Hotels v OTAs – how did it all go wrong?
Some might argue that the phenomenal success of Priceline and Expedia altered the negotiating balance of power between hotels and Online Travel Agencies. Hotels feel high-jacked and what began as a symbiotic relationship has, through the OTA’s exorbitant commissions and restricted access to guest data, become combative and controversial.
So how will Google’s expansion into hotel distribution change any of that?
Perhaps simply by adding another player of the size and reach of Priceline and Expedia into the negotiating mix. Thinking in basic economic terms, greater competition generates lower prices and better quality. Translated into the current context, Google is going to need inventory: the potential loss of inventory to Google may make established OTAs re-think their current strategies.
Re-opening the conversation
This is where hotels come in. According to Marc Fries of Carat Hotels, “In my opinion, a hotel could not afford at all to pay the distribution it gets through Google, and the […commission charged is] well invested. The main factor remains how travelers can be motivated to book their second stay through the hotel’s IBE [Internet Booking Engine]” thus increasing loyalty to the brand and helping the hotelier maintain a close relationship with guests.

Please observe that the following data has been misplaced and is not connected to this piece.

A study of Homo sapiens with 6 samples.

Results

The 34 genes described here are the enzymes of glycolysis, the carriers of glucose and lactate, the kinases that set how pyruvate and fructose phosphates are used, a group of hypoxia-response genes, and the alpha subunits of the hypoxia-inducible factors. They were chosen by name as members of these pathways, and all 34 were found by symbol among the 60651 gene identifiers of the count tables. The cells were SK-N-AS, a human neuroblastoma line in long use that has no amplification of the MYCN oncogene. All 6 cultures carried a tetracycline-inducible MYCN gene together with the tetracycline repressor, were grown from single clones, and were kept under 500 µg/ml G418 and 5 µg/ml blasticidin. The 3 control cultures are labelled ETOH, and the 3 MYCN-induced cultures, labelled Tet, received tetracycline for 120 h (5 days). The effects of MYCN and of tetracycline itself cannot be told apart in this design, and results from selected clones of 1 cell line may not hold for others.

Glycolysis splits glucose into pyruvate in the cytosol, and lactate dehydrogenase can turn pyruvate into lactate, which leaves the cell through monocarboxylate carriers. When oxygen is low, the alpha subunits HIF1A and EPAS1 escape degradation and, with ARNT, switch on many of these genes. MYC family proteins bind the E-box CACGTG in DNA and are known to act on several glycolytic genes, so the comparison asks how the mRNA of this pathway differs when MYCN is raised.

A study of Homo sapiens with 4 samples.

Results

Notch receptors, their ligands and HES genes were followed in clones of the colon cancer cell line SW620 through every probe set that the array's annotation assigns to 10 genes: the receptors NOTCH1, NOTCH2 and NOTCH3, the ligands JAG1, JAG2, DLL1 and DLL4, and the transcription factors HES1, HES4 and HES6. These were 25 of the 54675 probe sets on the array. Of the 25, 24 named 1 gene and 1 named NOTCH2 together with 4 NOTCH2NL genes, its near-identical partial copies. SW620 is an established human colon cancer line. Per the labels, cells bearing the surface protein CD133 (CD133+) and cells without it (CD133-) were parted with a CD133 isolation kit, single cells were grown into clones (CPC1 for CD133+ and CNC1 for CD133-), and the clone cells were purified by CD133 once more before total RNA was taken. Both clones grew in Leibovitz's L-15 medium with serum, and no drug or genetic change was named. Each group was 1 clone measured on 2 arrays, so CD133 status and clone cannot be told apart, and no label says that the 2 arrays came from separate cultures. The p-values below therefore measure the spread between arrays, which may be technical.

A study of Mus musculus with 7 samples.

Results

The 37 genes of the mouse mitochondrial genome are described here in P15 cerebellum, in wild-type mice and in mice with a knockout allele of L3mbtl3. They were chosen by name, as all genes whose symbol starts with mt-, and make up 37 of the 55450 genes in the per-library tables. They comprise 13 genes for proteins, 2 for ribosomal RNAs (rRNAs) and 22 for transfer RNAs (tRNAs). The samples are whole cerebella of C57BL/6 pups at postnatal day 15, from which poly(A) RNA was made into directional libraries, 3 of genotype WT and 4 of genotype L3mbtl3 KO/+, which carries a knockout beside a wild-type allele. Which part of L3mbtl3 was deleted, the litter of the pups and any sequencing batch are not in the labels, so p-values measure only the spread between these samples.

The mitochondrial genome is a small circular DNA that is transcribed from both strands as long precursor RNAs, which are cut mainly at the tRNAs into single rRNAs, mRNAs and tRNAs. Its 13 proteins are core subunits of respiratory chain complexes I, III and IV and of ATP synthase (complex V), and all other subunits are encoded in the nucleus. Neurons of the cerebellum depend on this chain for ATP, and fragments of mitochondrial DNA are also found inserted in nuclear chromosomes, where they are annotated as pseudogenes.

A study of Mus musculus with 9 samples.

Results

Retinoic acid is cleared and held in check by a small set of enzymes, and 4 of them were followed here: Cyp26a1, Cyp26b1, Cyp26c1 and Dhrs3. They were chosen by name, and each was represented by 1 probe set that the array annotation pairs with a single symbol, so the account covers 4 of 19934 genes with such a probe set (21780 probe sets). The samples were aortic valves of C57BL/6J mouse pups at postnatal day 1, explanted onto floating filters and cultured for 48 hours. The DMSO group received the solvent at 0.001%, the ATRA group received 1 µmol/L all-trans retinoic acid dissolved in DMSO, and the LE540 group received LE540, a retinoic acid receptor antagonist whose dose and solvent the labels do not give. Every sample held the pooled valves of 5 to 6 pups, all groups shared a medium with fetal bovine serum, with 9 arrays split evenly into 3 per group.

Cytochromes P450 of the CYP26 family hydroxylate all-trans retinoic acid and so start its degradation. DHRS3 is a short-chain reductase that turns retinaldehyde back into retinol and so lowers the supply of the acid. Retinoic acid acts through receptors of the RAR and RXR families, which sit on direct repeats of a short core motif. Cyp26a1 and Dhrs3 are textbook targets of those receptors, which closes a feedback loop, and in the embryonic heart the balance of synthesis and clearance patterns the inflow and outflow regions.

Top 3 Concerns
So just what are the main talking points for hotels when dealing with OTAs?
- Commissions – As the big become bigger, ever rising commission rates have hotels owners up in arms.
- Guest data – access to the market is being funneled to an ever greater extent through sponsored advertisements to the OTAs thereby cutting off the hotel’s direct access to new customers. The additional step by many OTAs of withholding some or all guest data is seen by many as aggressive and predatory.
- Guest satisfaction – hotels have noticed that guests booking through third party channels often arrive with little or faulty information regarding the hotel. Subsequent poor ratings are rarely directed at the OTA handling the booking and hotels find themselves in the weak position of having to play the blame game.
As the three most decisive road-blocks to a constructive working relationship between OTAs and the hotel industry, this is where the conversation, once re-opened, must begin.
Kim Rebernig knows what she is talking about because this tech-savvy Customer Success Manager has been working for hetras since 2013. Kim has more than 20 years of international hospitality experience. As a Canadian living in Austria she is a frequent traveler who dislikes waiting in line and loves hetras mobile check-in solutions.